Massachusetts residents experienced the largest two-year increase in property taxes in a dozen years as cities and towns struggled to make up for a slowdown in state aid between 2001 and 2003, according to a study released yesterday by the Massachusetts Taxpayers Foundation.

Per-capita property taxes climbed an average of 3 percent a year in fiscal 2002 and 2003, which translates into an increase of $73 for every man, woman, and child in the Commonwealth.

In another sign of the financial stress on cities and towns, voters are increasingly deciding to override the state's limit on property taxes under Proposition 2 1/2. The report says residents in 39 communities voted to override the annual property tax limit in 2003, approving a total of $48 million in new revenue. That amount is twice as much as what was adopted in 2002 and more than six times the average between 1994 and 2000.

"Clearly the cuts from the fiscal crisis have had a direct impact in producing higher property taxes," said Michael J. Widmer, president of the taxpayers foundation.

But officials in Governor Mitt Romney's administration disputed the numbers in the report, arguing that once new construction and annual increases in property values are factored in, property tax increases have been minimal. Romney took office in January, the middle of the fiscal 2003 budget year.

"We think it's alarmist, and we hope it's not intended to stampede the Legislature into adopting the tax increase the Massachusetts Taxpayers Foundation has been calling for," said Eric Fehrnstrom, the governor's communications director. "The impression has been created that cities and towns are starved for local revenues, but this report paints quite a different story: Local revenue growth has been fairly robust."

State aid to cities and towns actually increased slightly between fiscal years 2001 and 2002, but it wasn't enough for many cities and towns to cover cost increases in areas such as health care. In fiscal year 2003, aid decreased by about 3 percent, the first decline in more than a decade.

The property tax trend is likely to accelerate, the business-backed research group says, because Romney and the Legislature declined to raise income taxes and made even deeper cuts in state aid in the current fiscal year, 2004, which isn't covered in the report. Romney said yesterday he probably won't propose further cuts in aid to cities and towns in fiscal year 2005, but he has vowed to veto any income tax hike.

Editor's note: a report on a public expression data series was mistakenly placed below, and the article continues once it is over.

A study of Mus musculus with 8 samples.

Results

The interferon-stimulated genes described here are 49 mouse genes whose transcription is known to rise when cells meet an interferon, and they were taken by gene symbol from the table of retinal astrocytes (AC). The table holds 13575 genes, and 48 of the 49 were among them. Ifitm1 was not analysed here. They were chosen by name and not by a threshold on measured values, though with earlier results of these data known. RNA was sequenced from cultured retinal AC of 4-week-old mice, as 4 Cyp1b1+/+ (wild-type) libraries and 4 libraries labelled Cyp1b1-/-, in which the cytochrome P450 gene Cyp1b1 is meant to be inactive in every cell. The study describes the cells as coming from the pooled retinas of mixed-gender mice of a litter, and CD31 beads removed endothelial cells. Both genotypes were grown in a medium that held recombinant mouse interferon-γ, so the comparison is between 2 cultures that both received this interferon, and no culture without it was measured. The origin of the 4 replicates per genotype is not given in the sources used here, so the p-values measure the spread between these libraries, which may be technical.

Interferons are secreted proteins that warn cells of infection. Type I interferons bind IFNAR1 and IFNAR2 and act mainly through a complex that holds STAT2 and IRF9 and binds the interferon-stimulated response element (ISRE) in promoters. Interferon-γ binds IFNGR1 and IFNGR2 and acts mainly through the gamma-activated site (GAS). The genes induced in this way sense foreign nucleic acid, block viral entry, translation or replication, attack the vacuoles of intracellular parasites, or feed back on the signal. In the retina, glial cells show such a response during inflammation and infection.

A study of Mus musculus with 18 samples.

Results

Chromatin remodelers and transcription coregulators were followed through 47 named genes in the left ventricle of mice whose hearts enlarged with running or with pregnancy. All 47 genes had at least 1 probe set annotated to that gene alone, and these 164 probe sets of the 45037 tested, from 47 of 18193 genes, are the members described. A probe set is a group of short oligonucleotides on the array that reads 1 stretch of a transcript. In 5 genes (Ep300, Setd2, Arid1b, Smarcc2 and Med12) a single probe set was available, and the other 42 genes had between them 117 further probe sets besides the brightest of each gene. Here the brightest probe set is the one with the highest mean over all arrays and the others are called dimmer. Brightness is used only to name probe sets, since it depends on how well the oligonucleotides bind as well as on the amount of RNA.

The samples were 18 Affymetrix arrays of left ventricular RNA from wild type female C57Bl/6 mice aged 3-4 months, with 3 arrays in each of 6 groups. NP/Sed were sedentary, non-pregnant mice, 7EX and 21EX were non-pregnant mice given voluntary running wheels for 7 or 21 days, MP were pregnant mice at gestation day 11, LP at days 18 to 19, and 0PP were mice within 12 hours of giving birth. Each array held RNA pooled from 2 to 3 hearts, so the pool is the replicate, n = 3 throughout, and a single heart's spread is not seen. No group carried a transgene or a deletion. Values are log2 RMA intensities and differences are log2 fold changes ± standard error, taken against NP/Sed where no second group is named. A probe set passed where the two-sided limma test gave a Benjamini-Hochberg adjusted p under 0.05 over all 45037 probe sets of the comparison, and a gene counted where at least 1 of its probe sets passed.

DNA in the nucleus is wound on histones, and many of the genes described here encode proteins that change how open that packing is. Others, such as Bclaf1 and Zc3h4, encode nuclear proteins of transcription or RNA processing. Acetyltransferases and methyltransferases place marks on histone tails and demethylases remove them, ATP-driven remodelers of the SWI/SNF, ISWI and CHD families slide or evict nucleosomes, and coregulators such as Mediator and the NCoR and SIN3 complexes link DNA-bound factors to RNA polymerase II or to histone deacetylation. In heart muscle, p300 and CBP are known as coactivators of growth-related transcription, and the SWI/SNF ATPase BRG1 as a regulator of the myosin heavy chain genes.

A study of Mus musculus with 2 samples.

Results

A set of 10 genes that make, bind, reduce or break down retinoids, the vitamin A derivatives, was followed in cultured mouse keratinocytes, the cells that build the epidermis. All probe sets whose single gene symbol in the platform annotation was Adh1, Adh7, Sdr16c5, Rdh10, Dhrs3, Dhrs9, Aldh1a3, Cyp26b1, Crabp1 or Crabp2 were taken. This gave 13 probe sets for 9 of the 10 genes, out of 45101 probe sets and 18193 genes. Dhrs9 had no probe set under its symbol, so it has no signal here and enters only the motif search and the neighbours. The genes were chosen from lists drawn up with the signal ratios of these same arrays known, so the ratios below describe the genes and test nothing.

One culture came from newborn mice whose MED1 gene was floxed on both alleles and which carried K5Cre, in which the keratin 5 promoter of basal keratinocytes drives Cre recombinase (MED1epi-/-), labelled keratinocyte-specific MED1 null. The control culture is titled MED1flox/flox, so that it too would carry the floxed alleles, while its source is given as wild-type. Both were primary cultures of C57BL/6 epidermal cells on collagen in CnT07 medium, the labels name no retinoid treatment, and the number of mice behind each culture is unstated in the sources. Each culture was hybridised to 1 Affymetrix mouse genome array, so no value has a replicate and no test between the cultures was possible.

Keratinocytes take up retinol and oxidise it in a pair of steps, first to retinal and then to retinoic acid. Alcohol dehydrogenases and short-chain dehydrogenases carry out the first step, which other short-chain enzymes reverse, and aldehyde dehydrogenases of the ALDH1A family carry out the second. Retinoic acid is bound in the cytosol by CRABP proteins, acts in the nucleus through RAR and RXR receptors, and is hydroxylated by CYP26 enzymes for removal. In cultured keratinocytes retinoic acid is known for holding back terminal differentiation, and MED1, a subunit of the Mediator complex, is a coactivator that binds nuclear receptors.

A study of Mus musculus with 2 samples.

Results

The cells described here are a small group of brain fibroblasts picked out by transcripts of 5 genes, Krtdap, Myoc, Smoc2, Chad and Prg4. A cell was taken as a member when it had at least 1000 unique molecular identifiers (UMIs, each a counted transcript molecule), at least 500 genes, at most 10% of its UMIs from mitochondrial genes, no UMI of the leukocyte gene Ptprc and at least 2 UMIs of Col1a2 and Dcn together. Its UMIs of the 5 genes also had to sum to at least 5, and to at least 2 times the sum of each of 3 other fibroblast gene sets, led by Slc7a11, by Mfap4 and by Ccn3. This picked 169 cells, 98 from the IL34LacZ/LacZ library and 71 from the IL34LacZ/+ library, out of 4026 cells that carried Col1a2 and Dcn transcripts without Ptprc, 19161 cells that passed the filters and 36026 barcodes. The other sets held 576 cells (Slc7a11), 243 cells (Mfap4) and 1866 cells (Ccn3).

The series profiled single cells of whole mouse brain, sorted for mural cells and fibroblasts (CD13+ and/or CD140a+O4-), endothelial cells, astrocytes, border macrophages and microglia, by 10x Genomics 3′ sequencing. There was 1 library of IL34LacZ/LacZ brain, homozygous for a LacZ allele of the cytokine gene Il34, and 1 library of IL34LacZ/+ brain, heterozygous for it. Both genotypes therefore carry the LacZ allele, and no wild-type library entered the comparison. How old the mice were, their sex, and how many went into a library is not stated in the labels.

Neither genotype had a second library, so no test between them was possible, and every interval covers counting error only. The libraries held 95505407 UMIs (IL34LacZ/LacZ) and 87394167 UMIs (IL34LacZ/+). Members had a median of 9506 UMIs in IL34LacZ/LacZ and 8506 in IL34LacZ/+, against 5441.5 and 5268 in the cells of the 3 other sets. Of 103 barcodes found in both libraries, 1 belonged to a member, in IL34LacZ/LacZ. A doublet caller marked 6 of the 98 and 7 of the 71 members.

"My hope is that we will be able to preserve the same level of funding from '04 to '05," Romney said in an interview.

Many local officials say Beacon Hill's approach is particularly painful for poorer communities reliant on state help. Compared with income taxes, property taxes place a disproportionate burden on lower-income residents, retirees on fixed incomes, and the unemployed. "There's no question that what is happening at the state level is a shifting of the burden onto the backs of people who are less able to afford to pay for services," said Fall River Mayor Ed Lambert, whose city's property taxes went up 11 percent between 2002 and 2003, according to the study. "For the governor to raise his hands and say he doesn't support increasing taxes on the backs of working people totally ignores what has to happen at the city level and the town level."

Despite the property tax hikes, total local revenues in 2003 went up just 2.3 percent, the smallest increase in a decade and less than half of the 6 percent increases that were typical during the 1990s, according to the study. Because health care and other fixed costs are growing much more rapidly, cities and towns have had to cut programs, eliminate services, and lay off workers.

Even with Fall River's property tax increases, Lambert said, he had to trim his roughly 1,000-person nonschool work force by 160, laying off 61 police officers and firefighters.

"All of this is happening in the context of thousands of people being laid off, larger class sizes, fewer police officers and firefighters, and the stopping of routine maintenance on buildings," said Geoff Beckwith of the Massachusetts Municipal Association, which lobbies for cities and towns on Beacon Hill. " So we have both an increase in the local property tax burden and a reduction overall in the full range of local services that are provided."

But Fehrnstrom rejected the idea that property tax increases are less desirable than income tax hikes -- especially in the case of Proposition 2 1/2 overrides when local residents vote to tax themselves. "We think residents of a city or town are the best judges of whether or not their community is being well-run," Fehrnstrom said.

Barbara Anderson of Citizens for Limited Taxation described the property tax as "a mean little tax" because it places a heavier burden on people who are on fixed incomes or are unemployed. But she blamed profligate government spending during the boom of the 1990s for the fiscal problems now facing cities and towns, and said it's time for them to tighten their belts. "There's only one chance for reform, ever, in government, and that's when times are tight," Anderson said.

Scott S. Greenberger can be reached at greenberger@globe.com.